To be honest, I don’t read a lot of murder mysteries. To date, this is only my 2nd Agatha Christie novel, and I chose this book because I chose Christie as my author for the reading challenge whose first published novel I would read. I knew I wanted to choose an author with a prolific writing history whose works are considered classic. Christie wrote this novel in 1916 while the Great War was raging, and it was published in the United States in 1920. I’m glad I chose this one, as it’s an important piece of literary history. It’s not only Christie’s first novel, but it’s the first novel featuring one of her most famous characters, Hercule Poirot.
Our narrator for this novel is a man by the name of Arthur Hastings who is visiting Styles court, the estate of the wealthy matriarch of the Cavendish family, Emily Inglethorp. One evening, Mrs. Inglethorp dies under very suspicious circumstances and there are a whole host of people on the property who may have been responsible for the heinous crime. Of course, Mr. Hastings knows who best to call, an eccentric Belgian refugee from the war who just happens to be a detective of high standing in his home country. Monsieur Poirot puts his retirement on hold to come to the estate to investigate, and this strange little man always closes a case. The result is a twisty tale full of red herrings that will keep you guessing till the very end.
As I stated before, I don’t read a lot of murder mysteries. I do find them enjoyable, but they simply aren’t my go-to genre. This is an important novel, as it is the beginning of an incredible era, an era in which Agatha Christie continues to reign supreme as the Queen of Mystery. I mean, the woman has a mind-boggling amount of literary output. As debut novels go, I think this was a very solid piece of writing. By And Then There Were None, she had truly honed her craft to a fine art. That was my first introduction to her, and I enjoyed it immensely. I didn’t quite feel as invested in The Mysterious Affair at Styles, and I think that boils down to the rather silly nature of Hercule Poirot. Though he does have a certain amount of charm, he definitely is eccentric and prone to little fits of madness, which I know many people find endearing. He’s a little difficult to take seriously until you really begin to understand his thought process.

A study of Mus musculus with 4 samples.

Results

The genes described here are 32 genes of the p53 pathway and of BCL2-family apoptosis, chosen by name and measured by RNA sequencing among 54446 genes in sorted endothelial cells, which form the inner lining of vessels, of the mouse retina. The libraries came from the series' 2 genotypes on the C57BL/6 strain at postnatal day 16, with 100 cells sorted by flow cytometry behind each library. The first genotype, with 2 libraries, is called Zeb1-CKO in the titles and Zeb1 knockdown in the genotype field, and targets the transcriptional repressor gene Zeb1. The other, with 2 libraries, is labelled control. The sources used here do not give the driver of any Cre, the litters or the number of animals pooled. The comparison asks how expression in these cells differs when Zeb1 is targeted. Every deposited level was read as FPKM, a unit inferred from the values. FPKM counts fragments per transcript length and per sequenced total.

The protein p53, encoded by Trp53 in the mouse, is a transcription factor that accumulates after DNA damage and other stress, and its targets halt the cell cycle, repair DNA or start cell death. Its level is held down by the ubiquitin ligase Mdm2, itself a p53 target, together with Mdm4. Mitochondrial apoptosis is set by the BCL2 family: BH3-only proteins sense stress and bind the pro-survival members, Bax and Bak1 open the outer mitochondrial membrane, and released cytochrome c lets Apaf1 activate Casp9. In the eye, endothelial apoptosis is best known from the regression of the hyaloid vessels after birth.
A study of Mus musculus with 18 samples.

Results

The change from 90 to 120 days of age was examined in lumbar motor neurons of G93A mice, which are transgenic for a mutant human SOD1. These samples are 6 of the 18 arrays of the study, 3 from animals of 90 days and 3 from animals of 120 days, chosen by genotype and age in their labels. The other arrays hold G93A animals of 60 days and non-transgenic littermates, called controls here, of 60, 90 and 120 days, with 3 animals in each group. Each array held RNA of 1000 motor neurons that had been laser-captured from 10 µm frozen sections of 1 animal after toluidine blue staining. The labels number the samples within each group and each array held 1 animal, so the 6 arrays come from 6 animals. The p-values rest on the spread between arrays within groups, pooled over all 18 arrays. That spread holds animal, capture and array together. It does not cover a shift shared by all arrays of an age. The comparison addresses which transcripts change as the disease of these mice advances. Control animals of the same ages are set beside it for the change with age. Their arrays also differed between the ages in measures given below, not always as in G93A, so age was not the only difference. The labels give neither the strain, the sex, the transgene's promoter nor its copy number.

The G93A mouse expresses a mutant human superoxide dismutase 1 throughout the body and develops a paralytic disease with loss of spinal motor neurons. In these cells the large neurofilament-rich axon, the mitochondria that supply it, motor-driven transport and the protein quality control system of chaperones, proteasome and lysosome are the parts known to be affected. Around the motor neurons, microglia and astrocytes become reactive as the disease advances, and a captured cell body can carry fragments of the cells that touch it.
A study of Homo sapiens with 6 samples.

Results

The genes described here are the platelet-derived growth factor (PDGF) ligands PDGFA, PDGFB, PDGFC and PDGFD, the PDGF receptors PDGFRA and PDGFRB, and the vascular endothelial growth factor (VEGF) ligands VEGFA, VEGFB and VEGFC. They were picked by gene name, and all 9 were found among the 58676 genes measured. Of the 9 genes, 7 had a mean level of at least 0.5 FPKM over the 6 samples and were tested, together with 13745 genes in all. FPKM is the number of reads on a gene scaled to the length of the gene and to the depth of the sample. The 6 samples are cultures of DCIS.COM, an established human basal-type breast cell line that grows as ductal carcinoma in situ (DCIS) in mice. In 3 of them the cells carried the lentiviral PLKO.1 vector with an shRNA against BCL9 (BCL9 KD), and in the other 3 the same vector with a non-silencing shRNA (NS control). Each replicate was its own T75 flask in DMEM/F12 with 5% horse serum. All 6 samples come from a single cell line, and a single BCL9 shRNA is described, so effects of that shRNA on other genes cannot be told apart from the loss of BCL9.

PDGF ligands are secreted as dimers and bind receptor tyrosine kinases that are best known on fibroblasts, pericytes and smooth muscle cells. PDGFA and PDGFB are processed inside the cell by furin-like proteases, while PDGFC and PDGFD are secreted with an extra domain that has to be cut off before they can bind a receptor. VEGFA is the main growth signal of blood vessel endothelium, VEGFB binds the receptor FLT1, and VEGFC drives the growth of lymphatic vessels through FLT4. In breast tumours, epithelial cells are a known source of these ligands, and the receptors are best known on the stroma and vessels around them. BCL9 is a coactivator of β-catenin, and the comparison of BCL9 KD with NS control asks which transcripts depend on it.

The writing is a bit dated, naturally, as this book is more than 100 years old. However, Christie very deftly employs the unreliable narrator trope, as Hastings is just a bit too dense and naive to believe the most obvious of truths but far too dramatic to refrain from jumping to incorrect conclusions, which is Christie’s clever little trick to lead readers astray. To make matters worse, Poirot is not above using actual deceit to make sure he reaches the correct final conclusion, playing with the mind of our hapless narrator and, subsequently, the reader, which is where some of our red herrings come into play. Christie has us hopping all over the place before she has Poirot sit us down for a big ole’ “WAIT FOR IT” reveal. It really was quite an interesting ride despite a few petty annoyances which are simply the result of my mind being programmed for a much more modern and less sophisticated type of suspense.
I didn’t really like any of the peripheral characters, to be honest, but this is purely intentional on the part of Christie. Everyone is a suspect, because everyone is a bit of an imbecile. I think that’s really quite typical of murder mystery novels, so I don’t necessarily see it as a minus. Overall, this is a charming book and an excellent piece of literary history, especially for enthusiasts of mystery novels. I’d hazard to think anyone could be a fan of the genre without an accompanying familiarity with Christie. It’s a novel that deserves our admiration if only for its vital place in the literary canon and its effectiveness at keeping us guessing. Overall, I give it 3 stars.
Published Oct 21 2002 by Deodand (first published 1920). ISBN: 0646418432. Paperback.